Lion Air jet in another accident, a week after deadly crash

Lion Air jet in another accident, a week after deadly crash

Lion Air jet in another accident, a week after deadly crash

A Boeing Co. warning to 737 Max operators around the globe provides the first clues about how bad data from an airflow sensor might have contributed to the deadly crash of an Indonesian airliner last week.

The FAA has issued a new airworthiness directive (AD) on the Boeing 737 MAX after Lion Air flight JT610 crash investigators found the aircraft's angle of attack (AOA) sensors are capable of generating erroneous inputs, potentially making the aircraft hard for pilots to control.

The left wing of the Lion Air Boeing 737-900 plane collided with the metal post as the aircraft was heading to the runway at the Fatmawati airport in Bengkulu, Indonesia.

Under some circumstances, a 737 MAX jet could automatically push down its nose if it detects that a stall is possible, based on the angle of attack.

The Boeing 737 MAX is the fastest-selling plane in company history.

However, it's unclear whether the warning is being issued because investigators have conclusively determined that a flight-monitoring system error was the cause of the crash.

Essentially the Boeing bulletin tells the pilots to follow the manual's instructions.

Service bulletins can be followed by airworthiness directives to airlines by the Federal Aviation Administration, giving the recommendations extra weight.


Attempts to fix the issues were unsuccessful, NTSC chairman Soerjanto Tjahjono has said, with the pilots of the 737's second-to-last flight experiencing conflicting information despite an AOA sensor being replaced.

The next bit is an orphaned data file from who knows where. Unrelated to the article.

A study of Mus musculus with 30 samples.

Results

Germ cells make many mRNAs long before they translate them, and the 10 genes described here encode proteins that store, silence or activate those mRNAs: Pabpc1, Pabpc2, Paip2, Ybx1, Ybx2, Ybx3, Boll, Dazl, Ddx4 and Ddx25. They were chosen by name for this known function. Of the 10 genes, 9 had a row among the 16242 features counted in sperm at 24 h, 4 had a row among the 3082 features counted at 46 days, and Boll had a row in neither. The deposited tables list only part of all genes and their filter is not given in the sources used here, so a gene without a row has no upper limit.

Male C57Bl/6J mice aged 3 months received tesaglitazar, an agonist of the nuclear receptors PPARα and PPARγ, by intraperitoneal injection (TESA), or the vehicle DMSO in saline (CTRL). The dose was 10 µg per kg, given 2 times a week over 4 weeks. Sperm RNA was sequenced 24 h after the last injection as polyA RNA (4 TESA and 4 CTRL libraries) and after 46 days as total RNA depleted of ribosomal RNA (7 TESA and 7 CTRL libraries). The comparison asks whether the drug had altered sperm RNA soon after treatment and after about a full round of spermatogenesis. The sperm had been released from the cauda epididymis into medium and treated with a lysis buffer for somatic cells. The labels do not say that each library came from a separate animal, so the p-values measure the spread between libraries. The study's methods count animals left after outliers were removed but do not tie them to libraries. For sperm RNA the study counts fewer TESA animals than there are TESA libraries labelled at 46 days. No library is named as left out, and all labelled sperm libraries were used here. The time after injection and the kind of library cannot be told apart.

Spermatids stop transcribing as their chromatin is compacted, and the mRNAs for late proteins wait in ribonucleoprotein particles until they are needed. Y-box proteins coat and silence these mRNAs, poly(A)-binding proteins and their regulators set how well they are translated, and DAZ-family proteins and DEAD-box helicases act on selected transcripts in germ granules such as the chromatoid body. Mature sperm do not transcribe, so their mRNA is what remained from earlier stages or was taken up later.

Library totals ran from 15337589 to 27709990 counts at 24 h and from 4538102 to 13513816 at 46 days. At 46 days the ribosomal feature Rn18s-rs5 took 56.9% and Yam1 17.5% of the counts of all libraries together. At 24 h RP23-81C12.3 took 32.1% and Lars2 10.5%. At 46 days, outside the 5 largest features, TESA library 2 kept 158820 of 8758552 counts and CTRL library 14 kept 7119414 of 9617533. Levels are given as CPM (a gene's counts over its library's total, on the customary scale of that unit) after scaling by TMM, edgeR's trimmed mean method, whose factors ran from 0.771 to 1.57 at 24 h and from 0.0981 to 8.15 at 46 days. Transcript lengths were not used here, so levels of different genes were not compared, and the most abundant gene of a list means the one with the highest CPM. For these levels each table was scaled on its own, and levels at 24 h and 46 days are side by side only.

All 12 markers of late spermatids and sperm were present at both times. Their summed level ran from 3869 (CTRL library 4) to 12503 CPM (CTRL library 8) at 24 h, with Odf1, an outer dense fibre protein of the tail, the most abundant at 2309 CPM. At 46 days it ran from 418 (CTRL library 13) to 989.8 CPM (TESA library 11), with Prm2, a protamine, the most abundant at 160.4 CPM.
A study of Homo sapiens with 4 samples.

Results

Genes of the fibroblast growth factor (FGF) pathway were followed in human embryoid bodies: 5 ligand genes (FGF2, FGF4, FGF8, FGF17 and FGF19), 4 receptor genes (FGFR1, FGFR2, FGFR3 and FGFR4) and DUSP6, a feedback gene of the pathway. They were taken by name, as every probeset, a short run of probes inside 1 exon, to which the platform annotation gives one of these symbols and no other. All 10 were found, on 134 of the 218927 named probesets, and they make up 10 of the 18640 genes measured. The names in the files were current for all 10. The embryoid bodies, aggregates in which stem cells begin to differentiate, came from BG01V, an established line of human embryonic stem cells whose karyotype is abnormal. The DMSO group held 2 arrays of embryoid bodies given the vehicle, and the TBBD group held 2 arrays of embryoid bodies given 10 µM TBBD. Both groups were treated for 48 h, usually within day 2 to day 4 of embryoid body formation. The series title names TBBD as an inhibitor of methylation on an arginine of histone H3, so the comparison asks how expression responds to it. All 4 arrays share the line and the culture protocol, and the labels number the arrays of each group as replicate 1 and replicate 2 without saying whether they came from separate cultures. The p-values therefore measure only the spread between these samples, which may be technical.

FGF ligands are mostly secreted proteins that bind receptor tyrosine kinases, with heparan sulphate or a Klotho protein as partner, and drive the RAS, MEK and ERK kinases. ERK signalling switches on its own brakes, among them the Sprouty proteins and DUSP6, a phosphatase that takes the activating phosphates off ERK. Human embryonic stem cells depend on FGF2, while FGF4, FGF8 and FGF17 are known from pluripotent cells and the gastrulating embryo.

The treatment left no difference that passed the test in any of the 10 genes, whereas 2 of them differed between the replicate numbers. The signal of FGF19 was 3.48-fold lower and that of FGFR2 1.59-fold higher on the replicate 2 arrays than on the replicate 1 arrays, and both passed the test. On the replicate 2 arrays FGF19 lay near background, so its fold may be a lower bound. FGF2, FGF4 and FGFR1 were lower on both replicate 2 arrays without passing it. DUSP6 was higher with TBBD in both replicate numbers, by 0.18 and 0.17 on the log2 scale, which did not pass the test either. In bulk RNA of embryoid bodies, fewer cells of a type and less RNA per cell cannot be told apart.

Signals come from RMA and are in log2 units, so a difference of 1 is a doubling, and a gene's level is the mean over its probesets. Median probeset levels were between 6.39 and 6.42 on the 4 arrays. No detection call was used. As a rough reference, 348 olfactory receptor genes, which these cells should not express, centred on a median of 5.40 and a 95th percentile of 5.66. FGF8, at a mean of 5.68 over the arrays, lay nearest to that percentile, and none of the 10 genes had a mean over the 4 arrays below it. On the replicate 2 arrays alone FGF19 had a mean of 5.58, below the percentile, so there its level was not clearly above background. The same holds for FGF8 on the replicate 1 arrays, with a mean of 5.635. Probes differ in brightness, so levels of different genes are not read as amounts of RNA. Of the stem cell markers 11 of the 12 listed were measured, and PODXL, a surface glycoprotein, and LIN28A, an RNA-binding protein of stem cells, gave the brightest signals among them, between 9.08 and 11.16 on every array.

Indonesian authorities have downloaded information from the flight data recorder that showed a cockpit indicator on the Lion Air jet was damaged for its last four flights.

The newspaper said the findings suggest investigators could be looking at a software problem or a mistaken interpretation by flight crew as having played key roles in the Lion Air crash. Capt Mohan Ranganathan, air safety expert, said, "If all AOA sensors are erroneous, it puts a big question mark on the air-worthiness of the aircraft".

The Lion Air crash was the first involving the new version, which airlines introduced into service a year ago.

He said the pilot had landed the plane safely on that occasion. That failure caused the aircraft's systems to think the airplane was in danger of stalling, causing the computer to steadily adjust the trim tabs on the horizontal stabilizer to nose the aircraft downward, thereby picking up speed.

The new details - gleaned from a recovered flight data recorder - come after the government said it was launching a "special audit" of the budget carrier's operations.